Catching errors early with assert

Catching errors early with assert#

Already in the course, we’ve asked you to make many assumptions in your code: that input will be properly formed, that functions will only be called with certain values, and so on. Every piece of code makes assumptions about the world. Violating these assumptions leads to various error conditions—sometimes an exception, sometimes just bad behavior. We’ve seen a lot of exceptions, but not so much in the way of bad behavior. Let’s look at the letter example again:

What happens when you enter 0, and why? You’ll notice it picks the letter z, because 0-1 is -1, and in Python, indexing with -1 goes from the end of the list. A user would be confused by that output! It would be better if our program gave some kind of error message.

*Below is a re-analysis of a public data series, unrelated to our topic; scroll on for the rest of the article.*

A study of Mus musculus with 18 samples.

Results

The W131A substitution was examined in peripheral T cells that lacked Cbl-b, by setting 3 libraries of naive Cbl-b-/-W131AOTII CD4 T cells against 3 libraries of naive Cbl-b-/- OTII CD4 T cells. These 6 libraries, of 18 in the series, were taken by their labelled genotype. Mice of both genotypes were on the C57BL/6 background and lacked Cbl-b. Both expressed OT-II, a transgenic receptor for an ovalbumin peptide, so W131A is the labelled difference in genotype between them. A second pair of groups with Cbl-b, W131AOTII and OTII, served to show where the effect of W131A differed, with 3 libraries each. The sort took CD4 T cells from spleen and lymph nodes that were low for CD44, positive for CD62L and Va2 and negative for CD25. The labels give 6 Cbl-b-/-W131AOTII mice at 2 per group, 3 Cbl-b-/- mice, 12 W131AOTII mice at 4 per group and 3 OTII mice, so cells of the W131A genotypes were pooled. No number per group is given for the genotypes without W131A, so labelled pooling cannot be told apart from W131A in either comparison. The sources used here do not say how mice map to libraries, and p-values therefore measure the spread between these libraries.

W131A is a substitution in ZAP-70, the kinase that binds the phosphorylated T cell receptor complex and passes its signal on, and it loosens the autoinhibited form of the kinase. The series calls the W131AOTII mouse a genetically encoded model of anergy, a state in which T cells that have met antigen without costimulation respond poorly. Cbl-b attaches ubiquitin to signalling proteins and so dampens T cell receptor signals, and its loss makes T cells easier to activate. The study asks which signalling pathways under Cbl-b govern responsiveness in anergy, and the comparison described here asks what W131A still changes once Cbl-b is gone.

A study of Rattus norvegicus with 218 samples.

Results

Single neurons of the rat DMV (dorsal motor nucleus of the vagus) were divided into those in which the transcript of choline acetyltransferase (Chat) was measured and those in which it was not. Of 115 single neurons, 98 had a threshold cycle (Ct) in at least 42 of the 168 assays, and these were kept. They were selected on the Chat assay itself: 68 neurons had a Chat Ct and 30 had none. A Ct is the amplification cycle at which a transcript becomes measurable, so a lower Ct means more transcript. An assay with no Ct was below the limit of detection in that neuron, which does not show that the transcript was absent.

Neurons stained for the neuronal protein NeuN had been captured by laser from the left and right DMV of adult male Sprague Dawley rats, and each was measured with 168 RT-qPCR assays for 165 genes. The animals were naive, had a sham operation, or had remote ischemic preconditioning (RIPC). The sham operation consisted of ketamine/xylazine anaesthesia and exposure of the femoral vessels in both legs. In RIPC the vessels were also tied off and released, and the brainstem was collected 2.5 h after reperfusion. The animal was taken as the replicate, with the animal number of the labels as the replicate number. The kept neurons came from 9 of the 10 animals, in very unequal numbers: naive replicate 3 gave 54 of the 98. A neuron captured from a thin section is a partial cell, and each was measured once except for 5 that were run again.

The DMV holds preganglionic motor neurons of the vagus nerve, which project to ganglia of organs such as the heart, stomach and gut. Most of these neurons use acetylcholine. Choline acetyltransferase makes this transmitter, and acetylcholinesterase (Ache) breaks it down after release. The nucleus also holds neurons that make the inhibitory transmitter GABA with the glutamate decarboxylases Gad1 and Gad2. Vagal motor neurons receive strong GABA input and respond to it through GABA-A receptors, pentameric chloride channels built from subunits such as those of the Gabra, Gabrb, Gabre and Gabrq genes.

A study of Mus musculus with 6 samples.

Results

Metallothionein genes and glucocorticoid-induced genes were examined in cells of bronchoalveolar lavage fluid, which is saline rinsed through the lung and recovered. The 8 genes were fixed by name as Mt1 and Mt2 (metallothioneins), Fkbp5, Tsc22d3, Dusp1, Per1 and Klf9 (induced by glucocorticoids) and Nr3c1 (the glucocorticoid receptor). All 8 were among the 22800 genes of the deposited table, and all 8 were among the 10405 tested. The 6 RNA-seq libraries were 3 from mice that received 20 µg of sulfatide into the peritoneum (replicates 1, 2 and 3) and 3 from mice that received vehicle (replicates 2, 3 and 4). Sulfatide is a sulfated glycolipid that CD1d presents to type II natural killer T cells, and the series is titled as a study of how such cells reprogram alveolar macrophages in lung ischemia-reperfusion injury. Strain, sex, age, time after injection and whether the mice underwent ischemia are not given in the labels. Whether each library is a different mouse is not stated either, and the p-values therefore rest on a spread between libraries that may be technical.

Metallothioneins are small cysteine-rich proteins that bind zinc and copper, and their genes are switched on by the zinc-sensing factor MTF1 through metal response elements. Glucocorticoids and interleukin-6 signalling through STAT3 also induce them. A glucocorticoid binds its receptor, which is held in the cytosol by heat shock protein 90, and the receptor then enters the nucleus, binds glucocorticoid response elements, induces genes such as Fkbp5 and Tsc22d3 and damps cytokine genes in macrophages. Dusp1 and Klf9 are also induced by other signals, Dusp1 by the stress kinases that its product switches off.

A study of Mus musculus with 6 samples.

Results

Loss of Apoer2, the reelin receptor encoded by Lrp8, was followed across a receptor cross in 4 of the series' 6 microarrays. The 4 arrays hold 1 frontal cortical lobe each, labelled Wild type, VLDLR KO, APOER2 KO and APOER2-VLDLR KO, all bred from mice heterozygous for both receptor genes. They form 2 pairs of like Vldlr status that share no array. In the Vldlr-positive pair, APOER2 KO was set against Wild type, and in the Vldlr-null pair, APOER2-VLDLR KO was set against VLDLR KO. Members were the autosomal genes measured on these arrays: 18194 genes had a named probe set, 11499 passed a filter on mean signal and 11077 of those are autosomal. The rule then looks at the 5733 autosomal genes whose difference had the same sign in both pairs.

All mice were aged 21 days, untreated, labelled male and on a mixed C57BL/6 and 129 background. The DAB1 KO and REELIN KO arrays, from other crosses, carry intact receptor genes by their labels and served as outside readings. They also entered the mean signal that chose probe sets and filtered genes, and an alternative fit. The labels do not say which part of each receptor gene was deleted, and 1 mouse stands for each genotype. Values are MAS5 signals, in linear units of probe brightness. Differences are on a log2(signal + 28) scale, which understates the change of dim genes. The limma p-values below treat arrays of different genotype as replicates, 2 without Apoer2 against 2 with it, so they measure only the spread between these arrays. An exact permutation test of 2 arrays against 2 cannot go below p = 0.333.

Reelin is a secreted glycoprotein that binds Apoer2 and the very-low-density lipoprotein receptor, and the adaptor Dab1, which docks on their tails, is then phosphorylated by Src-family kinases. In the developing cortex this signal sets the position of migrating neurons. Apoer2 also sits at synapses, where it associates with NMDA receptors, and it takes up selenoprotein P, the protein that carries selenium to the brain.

One approach would be to add an if, checking that n is between 1 and 26, inclusive. Another option is to simply state our assumption in code. A nice way to do that is with assert. Assertions are self checks in your code, saying, “Hey, this had better be true or something is really wrong! Here’s an example:

The new assertion on line 6 is the same as having written:

if not (1 <= n <= 26):
    raise AssertionError()

Using assert is more concise and looks better. In general, assert’s’ are a wonderful way to catch bugs, especially ‘logic’ bugs where your program behaves strangely but doesn’t crash.

Better errors with assert#

By default, a failed assert just yields an AssertionError. You can easily write better error messages as follows:

Notice that we’ve used the form assert EXPR, MESSAGE, where EXPR should evaluate to True; if it doesn’t, then we’ll raise an AssertionError with MESSAGE contained in it.